Are Icicles Safe to Eat and Drink? It Depends!


I think it’s safe to say that every child has eaten icicles and snow at some point in their lives. Most people have fond memories of licking icicles hanging off their gutters as a child.

Are children putting their lives at risk without knowledge of the dangers of bacteria and protozoa? Is it safe to eat icicles and even use them in drinking water?

Are Icicles Safe to Eat and Drink?

Take a walk through the woods in winter and you’ll see snow and ice everywhere, but icicles are actually fairly rare. They need perfect dripping conditions to form over a long period of time. Although somewhat rare in the wilderness are those icicles safe to drink/eat?

Although somewhat rare in the backcountry, icicles are usually safe to eat and drink in the wilderness. Obviously, you need to take the water source into consideration before putting icicles into your drink.

I’ve been eating icicles out in the woods for years without any issues. One day that might change, but that’s a risk I’m willing to take.

How Did The Icicle Form?

How are the icicles forming and what’s the water source? Icicles that form on tree branches and rocky surfaces should be fairly safe. Rainwater is fairly safe to drink throughout most of the United States.

The same isn’t always true in urban areas where industry causes extra pollutants. In heavily polluted areas you might want to rethink drinking untreated icicles. Think about all the bird poop and other pollutants found on roofs. Do you really want to eat that?

I never got sick from eating the icicles hanging off my porch as a child, but that was probably just luck. Definitely avoid eating icicles that form in urban environments.

You really just need to pay attention to where you’re gathering icicles to eat. Obviously, icicles hanging off the limb of a tree will be safer to drink than ones hanging off a gutter.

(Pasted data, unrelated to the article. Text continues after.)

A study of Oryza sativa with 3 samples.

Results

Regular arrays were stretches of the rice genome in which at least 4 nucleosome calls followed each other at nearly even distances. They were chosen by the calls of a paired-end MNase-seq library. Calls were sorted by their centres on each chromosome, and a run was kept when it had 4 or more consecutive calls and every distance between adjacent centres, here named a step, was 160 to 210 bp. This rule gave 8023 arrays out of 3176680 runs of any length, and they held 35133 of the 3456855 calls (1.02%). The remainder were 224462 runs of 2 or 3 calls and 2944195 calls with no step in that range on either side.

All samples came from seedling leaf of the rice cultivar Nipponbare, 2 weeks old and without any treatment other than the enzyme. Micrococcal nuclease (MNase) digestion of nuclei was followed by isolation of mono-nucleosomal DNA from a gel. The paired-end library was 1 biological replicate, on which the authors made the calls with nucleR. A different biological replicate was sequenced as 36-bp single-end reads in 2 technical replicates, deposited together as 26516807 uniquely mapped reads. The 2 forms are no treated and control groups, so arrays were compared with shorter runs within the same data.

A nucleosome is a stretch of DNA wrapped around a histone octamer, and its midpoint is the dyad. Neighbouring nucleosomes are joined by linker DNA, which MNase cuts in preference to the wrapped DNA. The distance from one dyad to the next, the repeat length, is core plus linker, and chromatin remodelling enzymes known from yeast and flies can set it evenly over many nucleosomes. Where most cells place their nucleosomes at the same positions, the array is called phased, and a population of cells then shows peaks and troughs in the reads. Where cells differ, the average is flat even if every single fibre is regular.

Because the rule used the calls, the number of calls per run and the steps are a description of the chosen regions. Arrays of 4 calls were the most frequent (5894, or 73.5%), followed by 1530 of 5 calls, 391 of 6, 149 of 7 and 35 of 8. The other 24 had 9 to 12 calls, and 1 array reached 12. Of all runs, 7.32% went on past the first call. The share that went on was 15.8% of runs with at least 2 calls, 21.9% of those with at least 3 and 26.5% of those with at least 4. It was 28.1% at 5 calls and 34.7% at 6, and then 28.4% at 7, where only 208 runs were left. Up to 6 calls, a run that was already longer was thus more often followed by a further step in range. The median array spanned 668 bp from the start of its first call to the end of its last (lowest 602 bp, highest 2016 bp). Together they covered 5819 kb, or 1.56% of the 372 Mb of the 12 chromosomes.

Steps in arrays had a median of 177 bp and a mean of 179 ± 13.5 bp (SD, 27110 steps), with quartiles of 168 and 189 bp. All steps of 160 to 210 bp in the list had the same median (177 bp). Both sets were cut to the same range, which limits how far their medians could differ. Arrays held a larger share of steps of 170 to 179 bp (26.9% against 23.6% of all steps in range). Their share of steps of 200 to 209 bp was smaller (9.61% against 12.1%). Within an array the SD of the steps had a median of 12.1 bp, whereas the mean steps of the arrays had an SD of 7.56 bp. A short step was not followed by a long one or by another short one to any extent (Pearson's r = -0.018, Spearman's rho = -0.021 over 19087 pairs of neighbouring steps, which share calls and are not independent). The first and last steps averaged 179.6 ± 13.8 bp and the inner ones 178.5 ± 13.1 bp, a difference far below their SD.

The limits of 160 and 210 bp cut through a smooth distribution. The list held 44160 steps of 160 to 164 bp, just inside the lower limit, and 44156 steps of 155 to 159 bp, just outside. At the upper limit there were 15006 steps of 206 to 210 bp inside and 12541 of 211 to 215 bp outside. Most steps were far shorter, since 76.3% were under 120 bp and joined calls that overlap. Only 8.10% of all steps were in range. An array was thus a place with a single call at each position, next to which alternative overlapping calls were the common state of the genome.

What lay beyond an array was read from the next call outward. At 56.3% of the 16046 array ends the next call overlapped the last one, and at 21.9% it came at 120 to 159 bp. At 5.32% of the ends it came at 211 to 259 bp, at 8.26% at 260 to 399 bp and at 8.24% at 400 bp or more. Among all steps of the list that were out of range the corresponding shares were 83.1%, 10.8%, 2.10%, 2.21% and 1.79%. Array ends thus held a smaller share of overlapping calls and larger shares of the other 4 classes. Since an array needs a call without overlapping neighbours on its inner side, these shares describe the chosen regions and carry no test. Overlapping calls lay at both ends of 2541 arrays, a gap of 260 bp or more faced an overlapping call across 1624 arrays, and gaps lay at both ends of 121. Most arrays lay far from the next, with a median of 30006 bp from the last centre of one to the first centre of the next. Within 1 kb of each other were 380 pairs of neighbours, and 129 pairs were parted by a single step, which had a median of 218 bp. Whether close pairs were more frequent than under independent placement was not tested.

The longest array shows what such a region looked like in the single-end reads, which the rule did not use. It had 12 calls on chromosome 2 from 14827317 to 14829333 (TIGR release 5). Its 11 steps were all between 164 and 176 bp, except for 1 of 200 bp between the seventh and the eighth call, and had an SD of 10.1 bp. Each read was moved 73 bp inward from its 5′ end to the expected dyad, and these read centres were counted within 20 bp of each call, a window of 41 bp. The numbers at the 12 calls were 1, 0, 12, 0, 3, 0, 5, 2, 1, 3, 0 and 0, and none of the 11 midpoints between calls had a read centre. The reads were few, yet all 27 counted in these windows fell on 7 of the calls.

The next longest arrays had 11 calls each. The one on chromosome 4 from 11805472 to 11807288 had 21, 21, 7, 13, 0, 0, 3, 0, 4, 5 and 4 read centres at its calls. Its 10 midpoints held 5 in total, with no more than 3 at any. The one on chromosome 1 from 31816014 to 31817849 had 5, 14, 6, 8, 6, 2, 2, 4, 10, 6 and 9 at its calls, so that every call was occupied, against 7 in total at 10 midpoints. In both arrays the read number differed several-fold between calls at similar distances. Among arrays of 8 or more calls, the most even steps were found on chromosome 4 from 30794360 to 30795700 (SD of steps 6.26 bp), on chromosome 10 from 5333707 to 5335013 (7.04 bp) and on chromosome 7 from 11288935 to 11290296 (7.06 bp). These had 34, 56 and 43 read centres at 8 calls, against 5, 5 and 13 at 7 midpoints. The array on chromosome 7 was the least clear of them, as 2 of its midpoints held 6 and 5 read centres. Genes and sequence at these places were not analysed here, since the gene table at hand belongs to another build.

Rural Areas Don’t Always Have Safer Snow

Although snow and ice is usually safer in rural areas you still have some contaminants. Air pollution from the cities is carried through the atmosphere to the surrounding areas.

While snow is being formed in the sky all those particles from the polluted cities get dropped on your backyard.

Icicles Might Have Contaminants

Are you in a major city with lots of pollution? Do you live on a dusty road? What about animals pooping and peeing on roof surfaces and branches? Does your house have lead shingles?

Icicles may look tempting, but you need to think about all the contaminants that could lie on the surface. Do you really want to eat bird poop, dead bugs, dirt, and other contaminants?

Eating a little poop probably won’t kill you, but who thinks about those things. These are the thoughts that always cross my mind minutes after chowing down on an icicle.

See How The Ice Looks

Just hold the icicle up to the sky and see how it looks. Do you see black grime and dirt particles inside? If that’s the case definitely rethink eating/drinking it.

If you hold it up to the light and it looks relatively clear, it’s usually safe to eat. Whether or not you want to take the risk is up to you!

Icicles are Kinda Gross

Icicles might look like giant popsicles, but they’re actually kinda gross. When you think about all the poop, pee, pollution and dirt they seem much less appetizing.

Even though I know icicles are kinda nasty that’s not going to stop me from occasionally chomping down on one. What’s life without a little bit of risk? Eating icicles didn’t hurt me as a child and I doubt it’s going to cause damage now.